Friday, December 17, 2010

Robert Downey Jr Exclusive (written by Jonathan Heaf) PART 5


Talking to Downey can at times feel like being caught in an asteroid storm of Los Angeles psychobabble; a sort of deep-sea introspection full of boxes within boxes and questions locked within semi-confessional proclamations that may or may not be exaggerated. He's like a cross between a Russian doll and the Large Hadron Collider, a stream of ideas and atoms that smash into one another to reveal more dead-end answers and throw-away revelations.
You could knock it as befuddled, sage-burning pseudo-hippie therapy talk if only its restorative effects hadn't harboured such incredible results for the man who, only ten years ago, started a lost weekend with a visit to a strip club, and then finished it two days later thanks to a tip-off from a anonymous caller who told police in reference to the strung-out star, "Uh, yeah, I'd just like to let you know that in Room 311 of the Merv Griffin there is a man that is doing an ounce of cocaine and [with] a couple of guns and is pretty upset."
The last time Downey would feel the cold bite of LAPD steel at his wrists would be on 24 April 2001 in Culver City. As the cop on duty, Yvette Countee, would later testify: "While I was speaking to him [Downey], I then noticed his speech was rapid. He interrupted me on several occasions and rambled on without any questions being addressed to him." Just four months previously Downey had picked up the Golden Globe for his role in Ally McBeal, and, although praised for boosting the show's ratings, this latest public run-in with the law proved too much for the series' producers - he was let go.
In court on 16 July 2001, Downey made a "no contest" plea to possession, as his urine sample had confirmed traces of cocaine. However, thanks to Proposition 36, a new law just passed in California, he was ordered to spend a year at a residential rehab facility, with three years' probation, rather than tie up another county jail bed. He was lucky. But now, finally, even Downey could sense he was playing chicken with his seemingly endless supply of serendipity.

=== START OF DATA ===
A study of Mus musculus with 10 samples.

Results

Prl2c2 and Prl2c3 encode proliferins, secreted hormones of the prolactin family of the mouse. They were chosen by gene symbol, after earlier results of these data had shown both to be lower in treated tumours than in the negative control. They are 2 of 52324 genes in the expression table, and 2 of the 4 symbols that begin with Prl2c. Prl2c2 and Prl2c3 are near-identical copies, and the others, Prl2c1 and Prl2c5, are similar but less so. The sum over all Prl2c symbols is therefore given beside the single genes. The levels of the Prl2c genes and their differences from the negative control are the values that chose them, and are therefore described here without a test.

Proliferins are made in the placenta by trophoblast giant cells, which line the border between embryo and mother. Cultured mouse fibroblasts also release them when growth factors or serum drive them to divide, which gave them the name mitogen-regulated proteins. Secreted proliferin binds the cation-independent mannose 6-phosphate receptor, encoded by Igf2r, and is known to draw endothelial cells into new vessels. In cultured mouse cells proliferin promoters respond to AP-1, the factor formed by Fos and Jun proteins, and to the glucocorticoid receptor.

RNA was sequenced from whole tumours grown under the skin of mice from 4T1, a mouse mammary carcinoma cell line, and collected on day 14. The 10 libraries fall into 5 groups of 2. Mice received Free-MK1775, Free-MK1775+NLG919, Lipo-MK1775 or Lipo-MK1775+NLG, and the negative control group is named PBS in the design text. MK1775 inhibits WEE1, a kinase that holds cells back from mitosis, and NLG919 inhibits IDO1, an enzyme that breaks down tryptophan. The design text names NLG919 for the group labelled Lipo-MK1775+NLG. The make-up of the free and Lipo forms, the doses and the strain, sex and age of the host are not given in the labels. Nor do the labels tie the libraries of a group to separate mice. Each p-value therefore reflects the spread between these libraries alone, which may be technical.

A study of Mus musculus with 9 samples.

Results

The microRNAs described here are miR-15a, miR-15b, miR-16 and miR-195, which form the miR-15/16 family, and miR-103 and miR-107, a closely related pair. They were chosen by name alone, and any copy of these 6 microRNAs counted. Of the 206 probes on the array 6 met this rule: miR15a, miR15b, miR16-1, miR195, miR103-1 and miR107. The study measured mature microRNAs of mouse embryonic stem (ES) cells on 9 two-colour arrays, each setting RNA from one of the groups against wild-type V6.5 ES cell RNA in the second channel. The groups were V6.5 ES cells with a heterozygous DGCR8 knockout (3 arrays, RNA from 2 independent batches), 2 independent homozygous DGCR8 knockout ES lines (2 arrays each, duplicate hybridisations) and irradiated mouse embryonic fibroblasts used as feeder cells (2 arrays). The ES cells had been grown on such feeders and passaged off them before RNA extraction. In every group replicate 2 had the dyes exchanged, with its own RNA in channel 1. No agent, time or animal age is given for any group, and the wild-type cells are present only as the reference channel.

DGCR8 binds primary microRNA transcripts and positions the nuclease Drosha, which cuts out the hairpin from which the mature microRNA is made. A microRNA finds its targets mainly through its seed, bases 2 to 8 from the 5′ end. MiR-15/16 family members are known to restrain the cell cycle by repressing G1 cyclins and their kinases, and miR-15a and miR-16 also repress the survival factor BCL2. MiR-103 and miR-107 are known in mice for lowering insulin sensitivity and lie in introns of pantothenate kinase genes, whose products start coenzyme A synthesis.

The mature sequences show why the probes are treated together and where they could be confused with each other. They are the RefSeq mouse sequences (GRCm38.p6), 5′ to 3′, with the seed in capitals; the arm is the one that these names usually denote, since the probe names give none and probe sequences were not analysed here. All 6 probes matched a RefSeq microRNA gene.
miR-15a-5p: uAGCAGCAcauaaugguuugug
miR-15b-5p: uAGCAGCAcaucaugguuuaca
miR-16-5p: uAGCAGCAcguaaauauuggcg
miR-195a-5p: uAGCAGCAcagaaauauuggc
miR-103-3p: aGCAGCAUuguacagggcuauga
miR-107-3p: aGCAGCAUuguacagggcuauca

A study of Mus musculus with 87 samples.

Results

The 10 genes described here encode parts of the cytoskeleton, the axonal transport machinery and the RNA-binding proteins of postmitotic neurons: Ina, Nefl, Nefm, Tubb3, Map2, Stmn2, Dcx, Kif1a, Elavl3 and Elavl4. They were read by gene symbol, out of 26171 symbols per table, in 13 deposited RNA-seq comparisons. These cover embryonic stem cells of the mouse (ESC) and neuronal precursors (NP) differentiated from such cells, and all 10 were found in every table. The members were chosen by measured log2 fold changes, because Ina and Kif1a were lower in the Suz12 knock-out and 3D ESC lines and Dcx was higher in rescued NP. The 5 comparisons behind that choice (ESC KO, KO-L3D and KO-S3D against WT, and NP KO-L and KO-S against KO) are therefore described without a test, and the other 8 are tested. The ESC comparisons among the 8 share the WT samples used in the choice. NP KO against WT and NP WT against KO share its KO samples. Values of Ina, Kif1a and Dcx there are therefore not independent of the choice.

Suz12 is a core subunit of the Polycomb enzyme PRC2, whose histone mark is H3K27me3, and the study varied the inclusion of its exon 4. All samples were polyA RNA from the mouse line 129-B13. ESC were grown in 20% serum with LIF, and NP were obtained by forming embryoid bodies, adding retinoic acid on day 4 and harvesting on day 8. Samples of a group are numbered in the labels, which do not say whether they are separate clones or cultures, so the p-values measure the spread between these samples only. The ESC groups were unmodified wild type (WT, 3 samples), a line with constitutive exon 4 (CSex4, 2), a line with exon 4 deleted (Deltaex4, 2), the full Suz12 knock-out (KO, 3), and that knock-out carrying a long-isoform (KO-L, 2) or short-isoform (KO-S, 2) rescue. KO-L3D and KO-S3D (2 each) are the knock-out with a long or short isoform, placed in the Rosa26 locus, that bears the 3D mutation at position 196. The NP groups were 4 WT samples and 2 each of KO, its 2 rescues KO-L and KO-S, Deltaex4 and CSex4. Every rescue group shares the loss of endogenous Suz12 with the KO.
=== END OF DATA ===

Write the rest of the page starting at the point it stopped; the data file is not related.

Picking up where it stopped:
Of course, it wasn't jail, endless botched trips to rehab or even the threat he might never work again that made Downey pack in the bad-boy behaviour. Instead, it was that old romantic - love. Downey Jr met Susan Levin, then executive vice president of production at Silver Pictures, on set of Gothika in 2003. Although batting away the star's advances with sensible parries such as, "He's an actor, I have a real job," eventually Levin acquiesced and the pair began dating. Downey proposed to her the night before her 30th birthday and they married in New York in August 2005.
"I'm afraid no one keeps me in check - not even Susan," laughs Downey. "I can tell by the look in her eyes if I need to immediately stop a line of behaviour. Or whether she is somehow or other able to withstand the onslaught of wanton, well-informed narcissism that is coming at her like an ├╝ber-tsunami." Do they both have to work at the relationship? "More than I thought. And usually more than I would care to. But ultimately, it's just so nice to have pure communication with, for me, a woman. Historically this has been something that, for me, was not really achievable."
Downey's first serious girlfriend, back when he was doing theatre in New York in the early Eighties, was Sarah Jessica Parker - later to be forever known as Carrie Bradshaw from Sex And The City. Devastatingly for Downey, she just couldn't handle his love for a party and the relationship blistered apart. In 1992, he met Deborah Falconer and within 42 days they were married, Deborah pregnant with Indio soon after. Then, as Downey explains, "The Nineties happened, and it was just about survival."